How time and temperature affect spiral flow and viscosity, but not shelf-life
When it comes to epoxies and specifically epoxy molding compounds (EMC), end users often mistakenly define the terms “Shelf Life” and “Expiration Date” as the same. The term “Shelf Life” has legal implications (specifically as it concerns suppliers in the automotive supply chain), as a manufacturer’s way of ending any warranty on the material’s final product properties.
We like to argue that epoxy mold compounds never truly expire, and if they can still be processed by the equipment required to transform it, then the final material properties will never be compromised. Two properties that are affected by time and temperatures are Spiral Flow and viscosity, but these are processing parameter properties and not final product properties.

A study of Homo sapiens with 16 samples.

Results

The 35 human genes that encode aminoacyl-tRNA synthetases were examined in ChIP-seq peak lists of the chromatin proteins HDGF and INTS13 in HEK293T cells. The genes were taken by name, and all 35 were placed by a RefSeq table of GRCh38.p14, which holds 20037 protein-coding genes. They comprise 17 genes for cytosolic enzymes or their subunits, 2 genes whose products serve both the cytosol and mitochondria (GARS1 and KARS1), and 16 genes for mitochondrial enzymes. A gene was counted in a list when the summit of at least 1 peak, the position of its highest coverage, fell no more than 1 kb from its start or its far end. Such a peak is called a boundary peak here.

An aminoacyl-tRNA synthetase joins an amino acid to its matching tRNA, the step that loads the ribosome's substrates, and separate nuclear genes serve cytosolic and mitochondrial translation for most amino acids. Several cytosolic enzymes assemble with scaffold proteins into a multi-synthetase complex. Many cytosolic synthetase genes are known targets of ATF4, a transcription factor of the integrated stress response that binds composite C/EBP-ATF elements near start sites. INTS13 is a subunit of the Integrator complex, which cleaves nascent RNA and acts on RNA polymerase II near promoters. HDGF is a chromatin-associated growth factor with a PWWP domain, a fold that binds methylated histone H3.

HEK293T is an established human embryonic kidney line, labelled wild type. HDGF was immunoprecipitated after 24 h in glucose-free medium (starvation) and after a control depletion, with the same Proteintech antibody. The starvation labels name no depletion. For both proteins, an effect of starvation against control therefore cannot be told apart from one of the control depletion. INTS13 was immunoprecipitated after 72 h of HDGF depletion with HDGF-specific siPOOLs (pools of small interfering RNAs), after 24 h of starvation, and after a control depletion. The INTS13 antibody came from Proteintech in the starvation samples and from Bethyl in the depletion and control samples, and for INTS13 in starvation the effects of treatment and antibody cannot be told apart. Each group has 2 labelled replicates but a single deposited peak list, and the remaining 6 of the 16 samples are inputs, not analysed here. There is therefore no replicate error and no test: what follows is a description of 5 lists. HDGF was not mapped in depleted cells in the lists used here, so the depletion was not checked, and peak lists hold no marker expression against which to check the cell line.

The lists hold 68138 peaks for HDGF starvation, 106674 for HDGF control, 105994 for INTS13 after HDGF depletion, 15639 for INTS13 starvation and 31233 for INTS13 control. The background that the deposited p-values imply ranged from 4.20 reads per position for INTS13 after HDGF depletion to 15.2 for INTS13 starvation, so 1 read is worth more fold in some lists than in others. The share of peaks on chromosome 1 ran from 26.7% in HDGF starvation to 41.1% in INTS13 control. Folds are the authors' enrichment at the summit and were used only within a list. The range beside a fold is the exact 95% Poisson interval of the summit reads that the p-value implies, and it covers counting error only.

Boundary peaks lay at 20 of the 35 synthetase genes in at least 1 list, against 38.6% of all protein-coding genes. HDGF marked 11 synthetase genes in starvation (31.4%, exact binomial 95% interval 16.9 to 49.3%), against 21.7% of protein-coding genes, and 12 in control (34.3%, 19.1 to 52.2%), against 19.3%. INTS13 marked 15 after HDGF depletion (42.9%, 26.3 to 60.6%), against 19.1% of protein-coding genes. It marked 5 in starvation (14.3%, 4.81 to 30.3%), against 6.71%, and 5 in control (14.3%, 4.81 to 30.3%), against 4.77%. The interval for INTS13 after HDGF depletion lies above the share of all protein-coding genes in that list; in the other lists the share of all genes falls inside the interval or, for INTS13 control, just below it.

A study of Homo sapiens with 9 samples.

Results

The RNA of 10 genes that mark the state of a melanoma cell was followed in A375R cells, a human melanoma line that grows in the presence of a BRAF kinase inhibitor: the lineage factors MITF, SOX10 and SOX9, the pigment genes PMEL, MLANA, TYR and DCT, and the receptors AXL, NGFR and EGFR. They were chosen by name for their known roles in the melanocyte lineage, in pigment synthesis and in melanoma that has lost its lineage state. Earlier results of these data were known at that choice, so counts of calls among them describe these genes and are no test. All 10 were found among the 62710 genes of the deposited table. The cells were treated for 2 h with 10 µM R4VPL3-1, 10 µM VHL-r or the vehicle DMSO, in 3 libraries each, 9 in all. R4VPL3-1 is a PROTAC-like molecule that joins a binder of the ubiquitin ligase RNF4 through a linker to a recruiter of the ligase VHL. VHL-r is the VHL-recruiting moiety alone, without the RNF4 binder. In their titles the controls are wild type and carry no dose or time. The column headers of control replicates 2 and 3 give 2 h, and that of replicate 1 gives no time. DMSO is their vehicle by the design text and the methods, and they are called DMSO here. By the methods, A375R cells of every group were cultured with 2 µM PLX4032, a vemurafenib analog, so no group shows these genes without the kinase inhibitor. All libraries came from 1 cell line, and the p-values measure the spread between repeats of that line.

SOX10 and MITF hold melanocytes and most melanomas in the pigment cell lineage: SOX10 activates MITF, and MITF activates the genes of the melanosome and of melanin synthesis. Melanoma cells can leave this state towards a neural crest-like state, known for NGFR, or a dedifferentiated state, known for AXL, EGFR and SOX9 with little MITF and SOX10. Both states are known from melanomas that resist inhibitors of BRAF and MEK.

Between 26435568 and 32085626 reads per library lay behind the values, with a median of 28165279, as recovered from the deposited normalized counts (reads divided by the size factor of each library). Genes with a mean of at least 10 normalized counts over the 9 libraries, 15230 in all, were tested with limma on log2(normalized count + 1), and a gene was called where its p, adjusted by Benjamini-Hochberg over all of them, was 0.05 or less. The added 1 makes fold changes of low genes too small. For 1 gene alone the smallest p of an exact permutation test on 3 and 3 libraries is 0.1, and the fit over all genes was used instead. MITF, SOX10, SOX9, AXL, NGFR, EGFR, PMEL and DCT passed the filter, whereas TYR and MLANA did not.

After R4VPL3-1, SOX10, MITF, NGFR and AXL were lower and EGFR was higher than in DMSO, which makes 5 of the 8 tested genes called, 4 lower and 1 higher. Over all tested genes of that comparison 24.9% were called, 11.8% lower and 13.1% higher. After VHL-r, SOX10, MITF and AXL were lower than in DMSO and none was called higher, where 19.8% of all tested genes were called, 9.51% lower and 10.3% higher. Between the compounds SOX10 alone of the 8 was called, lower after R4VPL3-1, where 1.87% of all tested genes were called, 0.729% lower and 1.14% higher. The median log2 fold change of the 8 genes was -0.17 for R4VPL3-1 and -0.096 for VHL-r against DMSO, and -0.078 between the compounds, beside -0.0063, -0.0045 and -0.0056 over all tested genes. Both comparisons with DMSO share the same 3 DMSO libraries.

As such, this paper argues that epoxy mold compound manufacturers should introduce the terms “Spiral Flow Behavior” and “Viscosity Behavior” on their products’ technical data sheets. These terms more properly qualify the properties that are affected by time and temperature.
The term “Shelf-Life” should not be defined by the way manufacturers’ currently define it, which is that the material is within a specified spiral flow range. Rather, shelf-life should be redefined by the way their customers use the term – as an expiration date after which the manufacturer ends the warranty of the material’s final product properties. Doing so would both increase the shelf life of the epoxy molding compounds and allow end users to be able to use these products, even it means they must adjust the equipment’s processing parameters.
Please stay tuned for the next part in this series to explore the behaviour of epoxy molding compounds.